Cool and elegant, new works by Jay Dougan currently fill the Durango Arts Center Library. Clustered into three groups, they represent a relatively short and intense period of exploration.
The modest title, “A 3D Production,” says a lot about Dougan, associate professor of art and design at Fort Lewis College. Dougan has been experimenting with two new technologies for less than a year. In a recent interview, he said he powered through six months of excitement and frustration to come up with what’s on display at DAC.
“I wanted to investigate how to use machines to help me create my work,” he said.
And so he has. The exhibit’s three sections include wall pieces, what Dougan refers to as his drawings, ceramic vessels and shelf full of small, black plastic tops. Each group reflects different avenues of interest for Dougan and access this year to a 3-D printer and a digital die cutter. These tools enabled Dougan to open new doors and old memories.
Born and raised in Michigan, Dougan recalled being visually fascinated by pattern in childhood. “My parents had a fabric store, not an ordinary one, but one filled with thousands of bolts. ‘Pattern 36’ looks very like a textile with its repetition of elements.”
The airy, almost spiderlike wall piece resulted from Dougan’s experiments with the 3-D printer. He said he sketched the elements and programmed the computer to print out multiples. After assembling a grid, he mounted the web on a wall. With added light, the filigree construction created another design component – a shadow pattern. “I’d come back in the evening here at DAC and move the lights around to change the shadows until I got what I wanted,” he said.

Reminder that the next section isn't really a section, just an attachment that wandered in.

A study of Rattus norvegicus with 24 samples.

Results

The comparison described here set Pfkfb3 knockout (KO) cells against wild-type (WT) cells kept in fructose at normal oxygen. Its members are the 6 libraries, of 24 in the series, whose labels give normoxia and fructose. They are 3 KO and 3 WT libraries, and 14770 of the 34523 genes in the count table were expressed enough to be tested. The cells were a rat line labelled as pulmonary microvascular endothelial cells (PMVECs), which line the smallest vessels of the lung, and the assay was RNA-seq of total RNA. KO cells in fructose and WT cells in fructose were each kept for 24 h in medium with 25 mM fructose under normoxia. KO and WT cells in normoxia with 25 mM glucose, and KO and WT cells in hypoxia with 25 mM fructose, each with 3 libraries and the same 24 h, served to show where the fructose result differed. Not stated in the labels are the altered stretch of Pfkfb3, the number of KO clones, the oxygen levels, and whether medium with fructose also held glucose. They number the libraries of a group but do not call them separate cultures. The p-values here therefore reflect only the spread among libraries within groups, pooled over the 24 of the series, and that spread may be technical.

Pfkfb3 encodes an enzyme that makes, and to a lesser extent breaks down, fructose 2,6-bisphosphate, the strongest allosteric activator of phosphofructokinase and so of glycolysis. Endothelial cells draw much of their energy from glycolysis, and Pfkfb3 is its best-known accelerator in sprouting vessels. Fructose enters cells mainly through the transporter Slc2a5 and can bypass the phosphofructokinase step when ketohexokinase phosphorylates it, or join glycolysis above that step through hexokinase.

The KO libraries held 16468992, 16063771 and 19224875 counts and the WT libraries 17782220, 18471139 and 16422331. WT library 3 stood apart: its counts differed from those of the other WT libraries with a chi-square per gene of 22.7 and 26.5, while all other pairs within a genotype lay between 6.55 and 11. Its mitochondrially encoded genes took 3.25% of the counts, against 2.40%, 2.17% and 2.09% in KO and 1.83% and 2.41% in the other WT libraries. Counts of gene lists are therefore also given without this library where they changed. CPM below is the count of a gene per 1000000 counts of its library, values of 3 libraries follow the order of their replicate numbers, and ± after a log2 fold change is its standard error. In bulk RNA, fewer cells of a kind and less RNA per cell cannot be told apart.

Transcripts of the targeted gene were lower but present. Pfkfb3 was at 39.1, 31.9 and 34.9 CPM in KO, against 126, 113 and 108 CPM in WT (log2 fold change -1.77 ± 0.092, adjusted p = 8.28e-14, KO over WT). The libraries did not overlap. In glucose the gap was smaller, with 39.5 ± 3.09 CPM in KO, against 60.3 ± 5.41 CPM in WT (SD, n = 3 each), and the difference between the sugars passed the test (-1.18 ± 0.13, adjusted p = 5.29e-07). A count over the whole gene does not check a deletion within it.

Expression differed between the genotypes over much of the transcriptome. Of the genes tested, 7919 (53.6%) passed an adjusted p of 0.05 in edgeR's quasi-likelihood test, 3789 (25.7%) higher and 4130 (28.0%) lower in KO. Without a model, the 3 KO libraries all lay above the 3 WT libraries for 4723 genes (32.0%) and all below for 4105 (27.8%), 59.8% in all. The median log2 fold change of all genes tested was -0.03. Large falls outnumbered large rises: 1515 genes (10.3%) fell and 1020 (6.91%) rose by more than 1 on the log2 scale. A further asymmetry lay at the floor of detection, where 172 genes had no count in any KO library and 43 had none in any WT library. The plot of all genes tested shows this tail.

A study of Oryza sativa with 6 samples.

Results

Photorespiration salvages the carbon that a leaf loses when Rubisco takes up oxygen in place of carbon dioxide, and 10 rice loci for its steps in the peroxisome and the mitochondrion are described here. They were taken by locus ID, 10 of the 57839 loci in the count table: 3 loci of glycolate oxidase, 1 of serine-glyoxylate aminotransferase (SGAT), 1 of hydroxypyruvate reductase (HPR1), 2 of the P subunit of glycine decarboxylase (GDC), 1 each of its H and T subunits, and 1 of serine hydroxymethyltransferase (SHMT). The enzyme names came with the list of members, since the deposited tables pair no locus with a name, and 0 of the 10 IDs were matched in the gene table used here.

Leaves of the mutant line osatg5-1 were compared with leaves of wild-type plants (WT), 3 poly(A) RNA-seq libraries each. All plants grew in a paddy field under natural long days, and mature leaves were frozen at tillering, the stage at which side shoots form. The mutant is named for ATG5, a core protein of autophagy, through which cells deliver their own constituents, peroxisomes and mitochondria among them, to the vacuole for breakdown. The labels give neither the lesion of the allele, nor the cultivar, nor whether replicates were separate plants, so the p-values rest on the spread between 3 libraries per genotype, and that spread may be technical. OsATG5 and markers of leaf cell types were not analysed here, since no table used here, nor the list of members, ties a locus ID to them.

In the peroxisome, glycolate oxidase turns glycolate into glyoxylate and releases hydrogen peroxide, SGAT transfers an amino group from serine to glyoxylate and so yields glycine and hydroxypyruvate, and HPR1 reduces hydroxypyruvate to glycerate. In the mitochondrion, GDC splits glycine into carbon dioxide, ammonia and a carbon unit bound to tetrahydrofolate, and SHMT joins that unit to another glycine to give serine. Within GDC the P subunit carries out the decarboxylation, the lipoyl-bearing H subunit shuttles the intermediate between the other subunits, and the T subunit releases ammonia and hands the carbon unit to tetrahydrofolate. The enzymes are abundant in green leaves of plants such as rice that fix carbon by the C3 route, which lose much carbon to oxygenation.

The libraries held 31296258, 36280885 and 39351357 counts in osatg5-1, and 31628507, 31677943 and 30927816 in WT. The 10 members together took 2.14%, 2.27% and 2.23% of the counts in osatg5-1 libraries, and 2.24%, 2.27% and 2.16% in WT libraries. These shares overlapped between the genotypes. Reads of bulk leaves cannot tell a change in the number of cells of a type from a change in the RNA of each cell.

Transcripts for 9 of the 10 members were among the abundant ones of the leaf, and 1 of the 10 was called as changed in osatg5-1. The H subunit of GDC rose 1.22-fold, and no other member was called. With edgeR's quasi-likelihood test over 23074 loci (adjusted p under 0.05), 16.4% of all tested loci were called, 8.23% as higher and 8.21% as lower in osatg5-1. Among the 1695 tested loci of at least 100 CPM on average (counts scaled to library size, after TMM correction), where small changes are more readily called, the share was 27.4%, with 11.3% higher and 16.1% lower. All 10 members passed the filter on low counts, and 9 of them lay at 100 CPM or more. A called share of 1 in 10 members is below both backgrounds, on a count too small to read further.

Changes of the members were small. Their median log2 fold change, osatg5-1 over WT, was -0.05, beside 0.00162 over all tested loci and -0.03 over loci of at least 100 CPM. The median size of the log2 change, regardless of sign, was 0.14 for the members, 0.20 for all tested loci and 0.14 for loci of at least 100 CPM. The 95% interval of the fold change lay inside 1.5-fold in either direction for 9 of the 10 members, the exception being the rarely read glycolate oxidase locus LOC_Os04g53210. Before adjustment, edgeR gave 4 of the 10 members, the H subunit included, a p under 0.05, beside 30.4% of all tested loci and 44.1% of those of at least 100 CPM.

Dougan’s ceramic pieces are entirely different than the 3-D drawings, but they also exude an interest in classical purity.
Tall, slip-cast porcelain vessels are something of a signature for Dougan. He’s explored the form before with colorful glazes and patterns. Here, he’s shifted to a crisp, black-and-white surface with distinct imagery, windmills and an engineer’s compass, by using a digital die cutter to create sharp edges. The precision is startling; the opposite of free-flowing color and texture seen in Dougan’s earlier works as recently as last September in the FLC faculty exhibit.
Lastly, the third experimental group consists of 23 black tops. They echo other interests that spring from childhood memories. Dougan has coded them with a computer reference, .tlt, which stands for “things like tops.”
“It’s the little boy in me,” Dougan said. “I liked to play with tops when I was a kid.”
For some time, toys and playground equipment have surfaced in Dougan’s work, reflecting the child within and also a reference to a particular person.
“Years ago, my grandmother won the lottery, and she used it to buy playground equipment for Berrien Springs, Michigan,” Dougan said. “Paying homage to her and reflecting on my own history, my own childhood is part of the process. So, this past year I thought: Go use this new program and play. Play is learning.”
“There are 23 tops on display here, more in my studio,” Dougan said. “I chose these for DAC.”
A year ago, Dougan said he didn’t know how to do any of this – 3-D wall structures, a new approach to porcelain vessels and 3-D tops.
“I make my own assignments and set my own parameters,” he said. “Limitations are great. They focus you on an area and you have to stay within some guidelines. I encourage my students to experiment, work in series.
“A year ago, I didn’t know how to do any of this.”
Judith Reynolds is an arts journalist and member of the American Theater Critics Association.